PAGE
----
September 01, 2005
Life at the end of the Chain
The voice message arrived on a Saturday afternoon about a month ago. She left the relevant details in her plea for help. He had been left behind. His family moved. They tethered him to the garage when they left. Six months ago.
My friend, a compassionate dog lover, stumbled upon the poor dog when she visited the property as a prospective purchaser and found him tethered to the garage. The real estate agent told my friend that nothing could be done to help him. The humane society had already investigated complaints. However, the dog’s family was stopping by the garage to provide him the basics. Food. Water. Shelter.
No law was broken. His spirit was another story entirely.
Is Tethering or Chaining a Dog Illegal?
According to Unchain Your Dog, a nonprofit animal welfare organization, only approximately fifty-four communities have laws that regulate or prohibit the practice of tethering or chaining dogs. In Wisconsin, tethering or chaining a dog is not a violation of state law. However, if a dog is tied or confined unattended outdoors under weather conditions which adversely affect the health of the dog, a shelter of suitable size to accommodate the dog must be provided.
At least two Wisconsin municipalities, the City of Racine and the Town of Linn, regulate the tethering or chaining of dogs.
What Exactly Is Tethering or Chaining a Dog?
Although the legal definition of “tethering” or “chaining” may vary, the Humane Society for the United States describes these terms as referring “to the practice of fastening a dog to a stationary object or stake, usually in the owner’s backyard, as a means of keeping the animal under control.”
Why Should Dog Owners Care About Tethering or Chaining of Dogs?
The United States Department of Agriculture, the American Veterinary Medical Association, and the Humane Society of the United States believe that the continuous confinement of a dog by a tether or chain is inhumane.
Dogs are highly social animals. The physiological deprivation that accompanies days, months, years, or even a lifetime of constraint is too much for most dogs to bear. Dogs may resort to compulsive behaviors such as repetitive pacing, jumping, or barking to pass the boredom and loneliness of life on a tether or chain. Such dogs may become highly protective of their turf.
Tethering and chaining also has the potential for serious physical harm to a confined dog. Chains and tethers can be tangled around the dog’s body, causing injury or even death. A tethered or chained dog without adequate shelter may suffer from the elements, such as frostbite in the winter or heat exhaustion in the summer.
According to the American Veterinary Medical Association, the tethering or chaining of dogs can have dangerous consequences to society. Tethered and chained dogs are rarely exposed to human contact on a regular basis. As a result, they often become anti-social, aggressive, and fearful of all humans, not just the humans who have imposed their life sentence. In a study by the American Journal of Veterinary Medicine published in 2000, 17% of dogs involved in fatal attacks between 1979-1998 were restrained on their owner’s property at the time of the attack.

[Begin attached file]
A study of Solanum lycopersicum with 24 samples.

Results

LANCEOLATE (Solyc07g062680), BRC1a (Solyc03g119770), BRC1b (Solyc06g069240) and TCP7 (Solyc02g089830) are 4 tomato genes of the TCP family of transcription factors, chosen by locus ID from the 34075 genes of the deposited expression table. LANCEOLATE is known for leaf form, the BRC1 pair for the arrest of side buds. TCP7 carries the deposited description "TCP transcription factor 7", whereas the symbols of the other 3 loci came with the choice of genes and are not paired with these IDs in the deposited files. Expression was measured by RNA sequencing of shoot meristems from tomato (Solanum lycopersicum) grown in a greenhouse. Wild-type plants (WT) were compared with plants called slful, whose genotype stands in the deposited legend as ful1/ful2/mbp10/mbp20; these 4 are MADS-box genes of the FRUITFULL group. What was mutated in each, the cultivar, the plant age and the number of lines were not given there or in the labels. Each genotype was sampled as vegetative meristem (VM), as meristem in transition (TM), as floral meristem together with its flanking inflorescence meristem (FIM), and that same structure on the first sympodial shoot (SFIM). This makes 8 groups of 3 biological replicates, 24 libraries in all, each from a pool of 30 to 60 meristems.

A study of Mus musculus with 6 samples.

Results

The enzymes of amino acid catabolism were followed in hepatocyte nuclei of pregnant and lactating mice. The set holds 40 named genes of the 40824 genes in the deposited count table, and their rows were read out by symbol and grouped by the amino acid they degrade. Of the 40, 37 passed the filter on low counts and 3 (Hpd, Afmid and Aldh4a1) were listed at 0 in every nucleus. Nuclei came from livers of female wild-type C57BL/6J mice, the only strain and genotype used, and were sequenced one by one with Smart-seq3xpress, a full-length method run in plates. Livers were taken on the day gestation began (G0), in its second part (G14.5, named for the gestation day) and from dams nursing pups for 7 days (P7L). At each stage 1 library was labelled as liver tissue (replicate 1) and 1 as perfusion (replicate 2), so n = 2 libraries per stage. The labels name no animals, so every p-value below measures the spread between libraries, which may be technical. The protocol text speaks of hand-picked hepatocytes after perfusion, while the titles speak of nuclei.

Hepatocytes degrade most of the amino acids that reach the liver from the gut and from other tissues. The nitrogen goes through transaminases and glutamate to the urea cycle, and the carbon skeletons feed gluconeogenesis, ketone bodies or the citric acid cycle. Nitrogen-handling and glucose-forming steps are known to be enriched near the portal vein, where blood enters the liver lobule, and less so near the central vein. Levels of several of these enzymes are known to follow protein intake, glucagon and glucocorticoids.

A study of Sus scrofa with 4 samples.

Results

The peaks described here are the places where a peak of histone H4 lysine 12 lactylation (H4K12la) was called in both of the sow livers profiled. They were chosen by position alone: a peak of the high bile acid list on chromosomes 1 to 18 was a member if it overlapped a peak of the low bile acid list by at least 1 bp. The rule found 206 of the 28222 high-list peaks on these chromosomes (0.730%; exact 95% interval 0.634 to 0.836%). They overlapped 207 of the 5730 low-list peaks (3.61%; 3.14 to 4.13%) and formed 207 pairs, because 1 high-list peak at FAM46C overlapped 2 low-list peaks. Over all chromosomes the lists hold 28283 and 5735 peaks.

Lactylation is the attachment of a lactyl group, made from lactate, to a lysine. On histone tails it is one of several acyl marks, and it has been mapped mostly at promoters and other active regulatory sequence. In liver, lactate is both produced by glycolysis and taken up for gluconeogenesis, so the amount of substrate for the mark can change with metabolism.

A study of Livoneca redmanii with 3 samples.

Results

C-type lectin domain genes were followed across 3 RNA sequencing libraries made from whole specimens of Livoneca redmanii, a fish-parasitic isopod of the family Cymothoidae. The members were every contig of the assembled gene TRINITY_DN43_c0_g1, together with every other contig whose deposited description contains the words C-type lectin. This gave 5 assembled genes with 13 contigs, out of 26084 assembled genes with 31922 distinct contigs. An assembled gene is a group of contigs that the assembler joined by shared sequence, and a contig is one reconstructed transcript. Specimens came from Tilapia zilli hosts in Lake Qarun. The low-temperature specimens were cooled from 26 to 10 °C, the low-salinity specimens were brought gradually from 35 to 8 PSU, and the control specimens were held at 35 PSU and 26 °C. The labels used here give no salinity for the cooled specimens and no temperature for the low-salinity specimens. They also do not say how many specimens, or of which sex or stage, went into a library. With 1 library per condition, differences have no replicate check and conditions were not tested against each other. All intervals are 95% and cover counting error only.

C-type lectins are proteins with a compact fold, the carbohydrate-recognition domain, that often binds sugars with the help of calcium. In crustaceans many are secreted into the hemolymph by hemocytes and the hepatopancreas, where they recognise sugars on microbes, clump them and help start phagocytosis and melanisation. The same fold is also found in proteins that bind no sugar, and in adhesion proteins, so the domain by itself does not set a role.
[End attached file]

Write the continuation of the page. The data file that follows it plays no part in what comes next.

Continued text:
Can Anything Be Done to Help a Tethered or Chained Dog?
A situation, like the one my friend described to me that Saturday afternoon, can seem hopeless. However, in reality there are many steps dog lovers can take to help a tethered or chained dog:
- First things first. Find out whether any laws prohibit or restrict the tethering or chaining of dogs in your community. If no such laws exist, create them!
- Contact the authorities. If you are worried about the safety or well-being of a tethered or chained dog, contact local authorities immediately. Although the tethering or chaining itself may not be a violation of existing law, a simple complaint, and visit from local authorities, may be enough to remedy the situation.
- Education. Humans do better when they know better. Many dog owners who tether or chain their dog have never considered their actions. Take steps to educate dog owners generally, and offending dog owners specifically, about the consequences of tethering and chaining of dogs.
- Offer Assistance. If offered tactfully and graciously, a dog owner with a tethered or chained dog may accept assistance finding the dog a more appropriate home. Many rescue organizations rehabilitate and adopt confined dogs into loving families.
Often times, dog lovers encounter situations in which, while a dog is being mistreated, no precise law has been violated by the dog owner’s actions. As communities become more aware of the consequences of tethering and chaining dogs, more and more are passing laws that either regulate the activity or ban it altogether. As of this month, the owners of the home have returned to their property and allow their family pet inside the home at night but begin the tethering ritual again each morning. As responsible dog owners, our responsibility is not only to our canine companions, but to every animal we see in need. Together we can educate others and persuade local governments to enact laws that ensure companion animals are safe in all circumstances.
For more information about the tethering and chaining of dogs, and what you can do to make a difference, visit Dogs Deserve Better, a nonprofit organization devoted to breaking the chains, at www.dogsdeservebetter.org.
For more information about communities who has passed tethering or chaining laws, visit Unchain Your Dog at www.unchainyourdog.org.